You’re here because you love to read, and you probably have the books to prove it. If you’re lucky enough to have a nicely appointed library area as part of your décor, great; but if your kitchen table, counters, and coffee table are regularly piled with books, you’re probably dying to get your thirst for knowledge in order. Reading materials take up a lot of physical and mental square footage. Piles of publications become a hindrance rather than a pastime. Don’t let books take over your world—be a bookworm boss!
What would your perfect reading nook look like? Maybe it’s a comfy chair next to a bookshelf, or a small selection of favorite works on the nightstand. With that in mind, begin a literary detoxification process. Choose what you want to read; don’t read out of obligation. If you don’t like a book, don’t finish it, no matter who wants you to read it! Be honest with your word-consuming self, and organize your reading collection to free up your space, time, and mind while saving money at the same time.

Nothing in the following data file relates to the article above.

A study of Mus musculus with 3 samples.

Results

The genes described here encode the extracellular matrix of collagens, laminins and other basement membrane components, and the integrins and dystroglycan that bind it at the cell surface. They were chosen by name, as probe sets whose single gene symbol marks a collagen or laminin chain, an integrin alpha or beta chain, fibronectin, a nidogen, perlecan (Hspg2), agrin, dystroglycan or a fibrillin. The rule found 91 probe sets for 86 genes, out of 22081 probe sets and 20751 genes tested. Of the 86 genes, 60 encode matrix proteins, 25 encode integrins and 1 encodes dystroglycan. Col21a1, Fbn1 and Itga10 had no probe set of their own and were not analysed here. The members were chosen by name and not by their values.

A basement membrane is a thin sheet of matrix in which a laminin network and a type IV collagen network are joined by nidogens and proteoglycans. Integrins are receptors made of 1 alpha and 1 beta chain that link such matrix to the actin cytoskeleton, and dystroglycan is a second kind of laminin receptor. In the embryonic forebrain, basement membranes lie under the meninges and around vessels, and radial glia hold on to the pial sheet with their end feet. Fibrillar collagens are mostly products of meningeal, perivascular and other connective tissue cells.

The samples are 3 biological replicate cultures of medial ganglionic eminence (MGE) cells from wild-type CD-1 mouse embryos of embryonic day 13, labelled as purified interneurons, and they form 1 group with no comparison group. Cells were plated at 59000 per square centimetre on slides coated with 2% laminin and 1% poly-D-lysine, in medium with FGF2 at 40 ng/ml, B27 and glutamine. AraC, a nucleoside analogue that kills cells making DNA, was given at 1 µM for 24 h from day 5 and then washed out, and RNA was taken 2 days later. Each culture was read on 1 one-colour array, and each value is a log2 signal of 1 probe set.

“But there are so many books I want to read,” you say? Then make a list of books you want to get to. Those pages of pleasure may look intriguing on the New York Times bestseller list, but curb the impulse to buy right away. Making a list gives you a chance to consider if it’s something you’re really interested in reading now, or if you are just buying it because it’s today’s bestseller. Other ways to downsize and maintain a compact compilation of selective reading materials include:
By going through your books, only keeping perennial favorites (the ones you love to read or lend over and over) and being a conscientious book buyer moving forward, you’ll be able to get through all your unread books, share knowledge with the local community, and be in charge of your storyline—and your athenaeum (look it up!).
- Gather your books. Clear a space on your bed, dining room table, or floor. Bring all books to an unobstructed surface.
- Categorize. Group your books by coffee table, fiction, non-fiction, textbooks, cookbooks, business, etc. Review each book and ask yourself, “Am I going to read, reread, or reference this?” Create a pile of “no’s” and donate them to a local school, library, or thrift store.
- Make space. With the books you have left, pick an easy-to-access location such as a bookcase, and shelve the books vertically, by category, from tall to short. If you want to make a more chic library, pile a few books on top of each other (wedding cake style) from large on bottom to small on top, and place a beloved knickknack on top (knickknacks also act as great bookends). Take time to ensure adequate seating and lighting if you are creating a dedicated reading area.